Dying to get out

Nothing is surer proof that Gordon Brown is an unlucky Prime Minister than the fact that his MPs keep dying on him.

Until a year or so ago, a by-election had become a rare event. Commentators began to pine for the days, not so long ago, when unexpected contests would come round every few months. The Parliament of 1987-92, for example, saw 24 of the things, twenty of them caused by the deaths of sitting MPs. But with healthier MPs, who in any case now tend to retire earlier in the past, the by-election seemed to be an endangered species. In the whole of the 2001-5 Parliament there were only six, and two of those were prompted by resignations.

Then came Brown. The forthcoming Glenrothes by-election, caused by the death of John MacDougall, will be the 7th since since he became prime minister just over a year ago. That compares with 5 in the last two years of Blair. The rate of by-elections, therefore, has more than doubled since Brown came to power. Of those seven, moreover, two were, in a sense, voluntary, caused by the resignations of Boris Johnson (to become mayor of London) and David Davis, whose personal aim was to highlight the question of civil liberties. In the last two years of the Blair premiership, two Labour MPs died (Robin Cook and Rachel Squire). By contrast, there have been three Labour deaths, and one resignation due to ill-health, since Gordon took over.

But there's more. As noted above, there were four death-related by-elections in the 2001-5 Parliament: as many unavoidable by-elections as in a single year of Brown's time. In both 2001 and 2002 there only one. In the 1997-2001 Parliament there were more by-elections (17), but they were more evenly distributed among the parties. There were ten deaths, six Labour MPs (Labour had a majority of 176 in 1997), three dead Tories, and one dead Ulster Unionist.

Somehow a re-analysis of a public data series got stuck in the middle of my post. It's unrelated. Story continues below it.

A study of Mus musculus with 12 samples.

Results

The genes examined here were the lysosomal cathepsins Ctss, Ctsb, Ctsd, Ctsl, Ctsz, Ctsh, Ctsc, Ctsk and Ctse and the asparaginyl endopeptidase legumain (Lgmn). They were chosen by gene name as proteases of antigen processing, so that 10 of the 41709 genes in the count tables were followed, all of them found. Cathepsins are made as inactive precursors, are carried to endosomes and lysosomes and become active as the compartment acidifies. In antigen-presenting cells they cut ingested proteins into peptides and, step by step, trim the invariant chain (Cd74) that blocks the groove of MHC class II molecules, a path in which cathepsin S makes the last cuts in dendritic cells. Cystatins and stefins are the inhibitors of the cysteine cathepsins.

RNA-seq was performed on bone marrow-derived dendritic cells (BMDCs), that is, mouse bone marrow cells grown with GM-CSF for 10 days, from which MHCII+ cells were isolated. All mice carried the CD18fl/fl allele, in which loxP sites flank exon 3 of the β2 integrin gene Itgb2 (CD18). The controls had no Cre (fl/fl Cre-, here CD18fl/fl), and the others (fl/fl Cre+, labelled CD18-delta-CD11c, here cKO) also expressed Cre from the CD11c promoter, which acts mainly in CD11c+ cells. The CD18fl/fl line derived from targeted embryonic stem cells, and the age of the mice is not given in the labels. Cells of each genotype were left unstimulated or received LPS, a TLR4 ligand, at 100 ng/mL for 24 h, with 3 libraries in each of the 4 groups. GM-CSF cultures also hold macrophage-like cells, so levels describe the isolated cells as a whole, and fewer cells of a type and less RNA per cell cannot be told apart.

Put another way, of the 16 unavoidable Labour departures (15 deaths, one serious illness) in the past eleven years, a quarter have occurred in the past year alone. That's between three and four times what might be expected by chance.

Now consider the 1992-97 Parliament, when John Major was seeing out the fag-end of the last Conservative government. 18 by-elections, nine Conservative deaths (including an independent Unionist who took the Tory whip) and seven Labour ones (with two resignations). By-elections did for Major, owing largely to the small size of the Tory majority; and his tenure was generally considered unlucky. But his MPs were dying off at a rate of less than two per year. Blair's MPs (from a much larger pool) had a death rate of a mere 1.2 per year. Gordon Brown is losing one every three months.

Clearly they're losing the will to live.

Source: Wikipedia


Anonymous said…
If I were a conspiracy theorist - which I am not despite what they all say about me - I would wonder why death is picking off so many Labour MPs, particular those whose death is of benefit to the SNP - first Smith, then Dewar (arguably the only Scots MPs of any stature) then a slow trundle of minor characters and of course that ill health - of course - resignation in Glasgow East.

But as I say i am not. . .
Anonymous said…
Buggeration I failed to put my name to the above post Heresiarch - argh, they've got me....
Anonymous said…
Clearly they're losing the will to live.

Aren't we all under this apalling government?